China Daily | Updated: 2021-08-25 07:12

US Vice President Kamala Harris takes questions from reporters as she visits the Flower Dome at Gardens by the Bay, following her foreign policy speech, in Singapore, Aug 24, 2021. [Photo/Agencies]

China accused the United States on Tuesday of hiding behind the rhetoric of a rules-based global order to defend its own bullying and hegemonic behavior, after US Vice-President Kamala Harris smeared Beijing over the South China Sea issue in a major foreign policy speech in Singapore.

Foreign Ministry spokesman Wang Wenbin held up the US' chaotic withdrawal from Afghanistan as an example of its "selfish" foreign policy, hitting back at Harris' accusations of "intimidation" in Asian waters.

During a trip to Singapore on Tuesday, Harris accused China of threatening the sovereignty of Southeast Asian countries as she sought to reassure regional allies of her country's commitment to the region.

Wang told a news conference in Beijing: "The current events in Afghanistan clearly tell us what the rules and order the US speaks of are. The US can wantonly conduct military intervention in a sovereign country and does not need to be responsible for the suffering of the people in that country. In order to defend 'America first', the US can arbitrarily smear, suppress, coerce and bully other countries without paying any price. This is the order the US wants, ... but who will believe them now?"

Harris' seven-day trip to Singapore and Vietnam, only her second foray internationally, is aimed at standing up to China's alleged growing security and economic influence, addressing concerns about Beijing's claims to the South China Sea and showing Washington can lead the way, Reuters reported.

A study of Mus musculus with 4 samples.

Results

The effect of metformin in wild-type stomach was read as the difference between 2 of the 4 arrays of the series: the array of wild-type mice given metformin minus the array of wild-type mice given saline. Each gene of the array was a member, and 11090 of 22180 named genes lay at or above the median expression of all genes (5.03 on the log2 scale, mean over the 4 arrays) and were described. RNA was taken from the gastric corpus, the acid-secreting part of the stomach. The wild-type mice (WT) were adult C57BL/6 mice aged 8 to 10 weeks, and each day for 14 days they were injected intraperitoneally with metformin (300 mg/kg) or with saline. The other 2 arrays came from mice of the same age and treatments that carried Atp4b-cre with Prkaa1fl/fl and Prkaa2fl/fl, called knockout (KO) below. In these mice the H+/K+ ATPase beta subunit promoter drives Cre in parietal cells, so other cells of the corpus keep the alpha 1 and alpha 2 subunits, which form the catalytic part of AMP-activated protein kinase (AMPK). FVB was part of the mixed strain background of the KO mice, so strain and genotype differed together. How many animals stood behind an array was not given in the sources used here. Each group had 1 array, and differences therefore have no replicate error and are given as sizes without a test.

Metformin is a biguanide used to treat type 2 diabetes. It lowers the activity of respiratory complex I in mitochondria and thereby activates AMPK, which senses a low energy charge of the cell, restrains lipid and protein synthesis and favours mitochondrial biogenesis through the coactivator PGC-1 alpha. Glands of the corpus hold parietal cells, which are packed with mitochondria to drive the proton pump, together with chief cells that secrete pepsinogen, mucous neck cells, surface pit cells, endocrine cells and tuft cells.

In the speech in Singapore, Harris also laid out the US vision for the region built on human rights and a rules-based international order and sought to solidify Washington's pivot toward Asia.

Biden's centerpiece

Diverting attention and resources to the region has become a centerpiece of US President Joe Biden's administration, as it turns away from old security preoccupations with the withdrawal of US forces from Afghanistan, Reuters said.

Biden has repeatedly emphasized his focus on China as one of Washington's main adversaries. In recent months, his administration has ramped up outreach to the Indo-Pacific region, with Defense Secretary Lloyd Austin and Deputy Secretary of State Wendy Sherman both visiting the area in the spring and summer. Secretary of State Antony Blinken also held a number of virtual meetings with Southeast Asian officials earlier this month.

Harris met on Monday with Singapore's Prime Minister Lee Hsien Loong. On Wednesday, she was due to travel to Vietnam and meet top officials.

Zhou Jin in Beijing and agencies contributed to this story.